Four volunteer clinical faculty at the Medical College of Georgia at Augusta University have been honored for their teaching efforts with Excellence in Clinical Education Awards.
“We simply could not educate the next generation of physicians without our volunteer faculty,” says Dr. David Hess, MCG dean. “They so unselfishly give of their time and their wisdom to help preserve the state’s public medical school’s reputation for training the best and brightest future physicians.”
Nominations were sent in from the AU/UGA Medical Partnership, a second four-year campus of MCG in Athens in partnership with the University of Georgia, as well as the medical school’s clinical campuses for third- and fourth-year students based in Albany, Rome and Savannah/Brunswick. Students from each campus voted for the winners. The requisites for the award were simply being volunteer faculty who participate directly in teaching MCG students and demonstrating the characteristics of excellent clinical educators.
The medical school counts more than 2,500 physicians across the state as its volunteer clinical faculty.
This year’s honorees are:
Dr. Alan Morgan, a 2003 MCG graduate and neurohospitalist at St. Mary’s Health Care System in Athens who began teaching MCG students in 2015. Comments about him include praise for his unfailing willingness to take students on rotations. Students praise him for his efforts to improve their presentations, for his skill at confronting delicate and complex neurological problems, for his constructive criticism and his evidence-based decision-making process.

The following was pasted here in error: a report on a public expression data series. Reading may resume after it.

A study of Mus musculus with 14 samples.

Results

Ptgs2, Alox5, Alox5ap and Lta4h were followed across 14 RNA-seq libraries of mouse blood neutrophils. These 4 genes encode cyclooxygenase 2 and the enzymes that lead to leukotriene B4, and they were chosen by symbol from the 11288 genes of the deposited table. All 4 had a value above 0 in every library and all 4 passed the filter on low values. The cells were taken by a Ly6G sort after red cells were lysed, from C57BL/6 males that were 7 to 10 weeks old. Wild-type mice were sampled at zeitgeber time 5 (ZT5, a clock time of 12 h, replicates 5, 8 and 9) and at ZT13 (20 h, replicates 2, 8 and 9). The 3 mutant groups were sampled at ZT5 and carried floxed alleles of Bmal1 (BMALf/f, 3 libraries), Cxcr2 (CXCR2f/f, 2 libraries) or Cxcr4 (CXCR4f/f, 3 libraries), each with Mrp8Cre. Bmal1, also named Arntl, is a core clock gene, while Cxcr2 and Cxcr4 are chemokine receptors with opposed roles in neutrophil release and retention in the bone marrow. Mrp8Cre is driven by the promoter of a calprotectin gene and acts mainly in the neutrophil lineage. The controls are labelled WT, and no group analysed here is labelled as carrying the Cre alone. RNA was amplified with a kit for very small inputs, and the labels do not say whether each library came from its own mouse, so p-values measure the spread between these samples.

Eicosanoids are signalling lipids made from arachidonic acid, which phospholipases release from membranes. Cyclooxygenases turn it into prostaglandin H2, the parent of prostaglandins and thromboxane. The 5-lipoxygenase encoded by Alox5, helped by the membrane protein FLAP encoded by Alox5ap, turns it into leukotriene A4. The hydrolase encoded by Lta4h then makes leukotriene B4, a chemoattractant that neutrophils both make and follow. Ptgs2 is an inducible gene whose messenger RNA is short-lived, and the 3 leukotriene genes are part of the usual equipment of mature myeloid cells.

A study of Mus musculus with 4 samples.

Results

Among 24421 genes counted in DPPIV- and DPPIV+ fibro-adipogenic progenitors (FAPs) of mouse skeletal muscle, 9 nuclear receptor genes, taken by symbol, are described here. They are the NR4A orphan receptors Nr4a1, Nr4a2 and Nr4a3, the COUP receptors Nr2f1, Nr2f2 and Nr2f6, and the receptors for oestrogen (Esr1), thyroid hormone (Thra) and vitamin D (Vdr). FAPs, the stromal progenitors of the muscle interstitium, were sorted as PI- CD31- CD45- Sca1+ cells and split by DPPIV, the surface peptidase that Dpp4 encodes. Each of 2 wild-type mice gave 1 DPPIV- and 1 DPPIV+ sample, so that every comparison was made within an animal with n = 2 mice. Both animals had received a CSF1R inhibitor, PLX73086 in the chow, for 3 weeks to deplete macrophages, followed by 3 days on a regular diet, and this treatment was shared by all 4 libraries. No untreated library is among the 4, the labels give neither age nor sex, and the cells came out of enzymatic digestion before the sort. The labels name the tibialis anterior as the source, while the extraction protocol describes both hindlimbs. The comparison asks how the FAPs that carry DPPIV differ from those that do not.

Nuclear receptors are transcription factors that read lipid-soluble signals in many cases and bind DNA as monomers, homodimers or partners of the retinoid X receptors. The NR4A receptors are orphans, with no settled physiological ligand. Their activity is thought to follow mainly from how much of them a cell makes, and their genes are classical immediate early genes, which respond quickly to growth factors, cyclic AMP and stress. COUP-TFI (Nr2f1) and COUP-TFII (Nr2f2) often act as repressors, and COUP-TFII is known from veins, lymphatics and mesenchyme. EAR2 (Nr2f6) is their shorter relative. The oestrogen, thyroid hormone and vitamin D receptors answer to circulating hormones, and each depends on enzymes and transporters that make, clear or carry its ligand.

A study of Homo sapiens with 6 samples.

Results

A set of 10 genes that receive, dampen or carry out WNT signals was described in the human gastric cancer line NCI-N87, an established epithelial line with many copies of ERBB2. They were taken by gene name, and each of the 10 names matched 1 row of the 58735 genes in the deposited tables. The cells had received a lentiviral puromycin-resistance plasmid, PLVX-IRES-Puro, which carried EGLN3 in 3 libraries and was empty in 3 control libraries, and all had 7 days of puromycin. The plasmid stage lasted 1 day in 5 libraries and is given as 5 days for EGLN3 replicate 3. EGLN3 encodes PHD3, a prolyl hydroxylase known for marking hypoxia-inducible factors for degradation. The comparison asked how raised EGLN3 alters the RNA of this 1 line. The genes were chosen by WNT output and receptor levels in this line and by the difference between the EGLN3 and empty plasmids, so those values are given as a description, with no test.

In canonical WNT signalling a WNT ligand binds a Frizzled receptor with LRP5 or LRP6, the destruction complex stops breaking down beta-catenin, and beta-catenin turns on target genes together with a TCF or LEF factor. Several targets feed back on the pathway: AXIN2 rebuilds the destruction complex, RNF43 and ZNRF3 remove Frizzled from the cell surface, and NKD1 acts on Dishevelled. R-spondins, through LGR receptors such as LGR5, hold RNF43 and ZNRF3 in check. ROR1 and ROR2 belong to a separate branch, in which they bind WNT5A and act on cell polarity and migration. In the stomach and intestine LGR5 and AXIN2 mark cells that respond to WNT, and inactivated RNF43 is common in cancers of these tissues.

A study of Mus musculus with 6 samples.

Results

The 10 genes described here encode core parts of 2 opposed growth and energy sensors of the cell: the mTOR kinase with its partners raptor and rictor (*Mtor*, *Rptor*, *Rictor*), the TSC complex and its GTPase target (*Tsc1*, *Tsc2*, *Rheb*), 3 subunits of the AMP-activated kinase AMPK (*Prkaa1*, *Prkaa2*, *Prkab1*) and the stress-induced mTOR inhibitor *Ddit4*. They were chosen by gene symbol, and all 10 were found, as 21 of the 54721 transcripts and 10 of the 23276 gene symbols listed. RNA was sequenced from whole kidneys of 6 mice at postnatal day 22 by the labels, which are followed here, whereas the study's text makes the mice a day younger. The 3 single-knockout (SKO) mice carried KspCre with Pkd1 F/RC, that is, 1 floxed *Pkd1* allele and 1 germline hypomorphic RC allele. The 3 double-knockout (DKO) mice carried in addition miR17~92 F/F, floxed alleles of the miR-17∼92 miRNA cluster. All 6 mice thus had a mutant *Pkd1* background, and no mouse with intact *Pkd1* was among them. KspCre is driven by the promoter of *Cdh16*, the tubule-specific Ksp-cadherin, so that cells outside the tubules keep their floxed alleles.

Northwest Campus (Rome):
Dr. Kristen Leezer, a 2007 MCG graduate who practices obstetrics and gynecology in Rome at the Northwest Georgia Medical Clinic. She joined the medical school’s clinical faculty in 2015. Students and administrators at the Northwest Campus call her a natural educator who is extremely rigorous, yet supportive. She has become one of the most highly sought out preceptors, with even students who have had limited contact with her requesting more opportunities to work with her.
Southeast Campus (Savannah/Brunswick):
Major Carla Schnitzlein, a psychiatrist at Fort Stewart-Hunter Army Airfield, near Savannah, who started teaching MCG students in 2017. Campus administrators call her the consummate professional military officer and physician who, despite the heavy demands of her clinical workload, has enthusiastically embraced teaching psychiatry to third-year students. Students get to see everything from adolescents, to retirees, to soldiers with PTSD on their rotations with her.
Southwest Campus (Albany):
Dr. Chirag Jani, a palliative medicine specialist and hematologist/oncologist at Phoebe Putney Memorial Hospital in Albany who has taught MCG students since 2010. Jani creates a full immersion experience in palliative care for students. Students say he teaches them how to see each patient as an individual and how to practice medicine without taking away the human element of being a physician.